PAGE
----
By Ana Martinez-OrtizEarlier this week, friends and families gathered in jubilation to celebrate Juneteenth Day. The residents of Milwaukee were no exception as they gathered along Dr. Martin Luther King Drive to celebrate.
Juneteenth Day has been celebrated on June 19 since 1865. According to Juneteenth Day Milwaukee’s website, Union soldiers arrived in Galveston, Texas to announce that the Civil War was officially over and more importantly, that those who were once enslaved were now free.
Upon hearing this news, people erupted into celebration and prayer. Since then, Juneteenth has been marked as a day for joy and remembrance.According to Adriane Griffin of Northcott Neighborhood House Inc., Juneteenth Day came to Milwaukee in 1971 around the time of the Milwaukee riots. Someone had attended a Juneteenth Day celebration down south and brought the idea back to Milwaukee.
Over the years, Milwaukee has chosen to celebrate Juneteenth by focusing on education and self-improvement, per their website. Local African American girls and young women are offered the chance to participate in the Miss Juneteenth Pageant and the Little Miss Juneteenth Pageant.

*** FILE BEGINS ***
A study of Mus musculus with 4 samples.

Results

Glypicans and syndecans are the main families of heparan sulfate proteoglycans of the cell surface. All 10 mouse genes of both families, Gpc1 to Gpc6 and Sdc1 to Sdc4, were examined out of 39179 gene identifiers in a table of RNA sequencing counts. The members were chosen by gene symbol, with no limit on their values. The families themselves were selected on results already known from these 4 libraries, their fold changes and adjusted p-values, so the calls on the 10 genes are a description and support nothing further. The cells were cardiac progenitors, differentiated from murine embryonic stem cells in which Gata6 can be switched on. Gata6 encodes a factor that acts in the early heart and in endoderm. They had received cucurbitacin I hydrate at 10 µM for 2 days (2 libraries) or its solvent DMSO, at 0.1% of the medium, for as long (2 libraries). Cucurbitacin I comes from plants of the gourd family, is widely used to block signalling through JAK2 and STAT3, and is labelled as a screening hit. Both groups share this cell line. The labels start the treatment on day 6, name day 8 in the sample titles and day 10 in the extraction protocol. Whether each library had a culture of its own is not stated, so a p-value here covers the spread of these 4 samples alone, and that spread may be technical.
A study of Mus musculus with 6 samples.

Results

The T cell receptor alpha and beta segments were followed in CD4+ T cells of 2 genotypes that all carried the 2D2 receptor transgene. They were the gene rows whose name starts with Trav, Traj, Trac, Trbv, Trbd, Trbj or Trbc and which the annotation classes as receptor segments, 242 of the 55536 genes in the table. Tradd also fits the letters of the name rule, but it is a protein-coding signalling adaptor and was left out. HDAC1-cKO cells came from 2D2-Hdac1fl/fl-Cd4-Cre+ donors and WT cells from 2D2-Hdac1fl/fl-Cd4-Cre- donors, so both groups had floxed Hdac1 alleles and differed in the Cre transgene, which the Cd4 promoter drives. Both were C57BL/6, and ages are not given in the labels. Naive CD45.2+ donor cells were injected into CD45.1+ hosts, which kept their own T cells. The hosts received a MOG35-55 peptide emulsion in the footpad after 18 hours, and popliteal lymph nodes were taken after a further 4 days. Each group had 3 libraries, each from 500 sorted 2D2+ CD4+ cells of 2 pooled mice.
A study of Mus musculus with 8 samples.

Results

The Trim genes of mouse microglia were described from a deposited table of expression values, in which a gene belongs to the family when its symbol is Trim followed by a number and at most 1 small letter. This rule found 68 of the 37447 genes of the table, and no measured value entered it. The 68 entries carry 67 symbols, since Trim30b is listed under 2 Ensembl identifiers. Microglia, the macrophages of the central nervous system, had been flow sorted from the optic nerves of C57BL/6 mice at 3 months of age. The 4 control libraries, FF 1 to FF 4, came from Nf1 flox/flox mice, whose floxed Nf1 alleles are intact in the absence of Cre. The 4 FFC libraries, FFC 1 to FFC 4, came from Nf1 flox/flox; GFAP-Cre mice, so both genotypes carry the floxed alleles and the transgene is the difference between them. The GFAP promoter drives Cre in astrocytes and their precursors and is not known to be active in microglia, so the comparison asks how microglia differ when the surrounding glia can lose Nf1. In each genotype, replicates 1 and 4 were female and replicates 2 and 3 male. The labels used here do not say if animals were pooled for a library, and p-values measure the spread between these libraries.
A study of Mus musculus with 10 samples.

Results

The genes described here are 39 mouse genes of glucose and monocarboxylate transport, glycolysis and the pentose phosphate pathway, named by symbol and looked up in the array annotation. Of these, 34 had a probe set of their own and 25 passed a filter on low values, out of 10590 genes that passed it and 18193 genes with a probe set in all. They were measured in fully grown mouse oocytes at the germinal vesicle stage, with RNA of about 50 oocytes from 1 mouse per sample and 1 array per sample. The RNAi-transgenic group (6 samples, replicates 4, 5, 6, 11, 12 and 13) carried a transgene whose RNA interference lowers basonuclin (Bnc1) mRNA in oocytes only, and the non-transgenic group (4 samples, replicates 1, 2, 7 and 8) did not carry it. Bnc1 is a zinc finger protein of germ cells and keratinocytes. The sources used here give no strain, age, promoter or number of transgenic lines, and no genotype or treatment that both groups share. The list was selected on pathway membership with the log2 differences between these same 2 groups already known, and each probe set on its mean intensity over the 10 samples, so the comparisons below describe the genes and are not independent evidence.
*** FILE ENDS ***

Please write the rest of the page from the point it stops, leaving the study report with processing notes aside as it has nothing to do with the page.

This year Alexandrea English and Kalia Goosebery were crowned the co-winner of the Miss Juneteenth Pageant and Kayle Philips won the Little Miss Juneteenth Pageant.
In addition to the pageants, a parade followed by an all-day celebration occurs every year. This year’s theme was “It’s Time to Make A Change.”As part of the change, Mac Weddle, Executive Director of Northcott Neighborhood House, requested for 24 hours without any gun violence.
“It’s a day of fellowship, it’s day of unity,” Weddle said.
Weddle has been an active participant of Milwaukee’s Juneteenth Day for the past 43 years and was named the Grand Marshall this year. It was his first time walking in the parade.
To further facilitate a day of peace, Northcott partnered up with the Milwaukee Police Department (MPD) to ensure everybody’s safety.
Captain Boris Turcinovic of the 5th District, expressed his excitement to celebrate Juneteenth and to help keep it safe. And, Weddle commented that the arrests that occurred several years prior, were because those individuals were already suspects and that the festivities had nothing to do with their arrests.
No arrests occurred last year or this year.
Overall, this year’s Juneteenth Day was a success. The celebrations and merriment carried on despite the rain, as people took the opportunity to enjoy delicious food, buy from vendors, listen to live local music or visit one of the information tents.
“It brings us together to remember our past as we go forward in our future,” Griffin said.
Although Juneteenth Day is over, Juneteenth Day Milwaukee’s Facebook page encouraged residents to keep the celebration and spirits high by continuing to support local black business owners, participate in the upcoming elections and by advocating for children and families.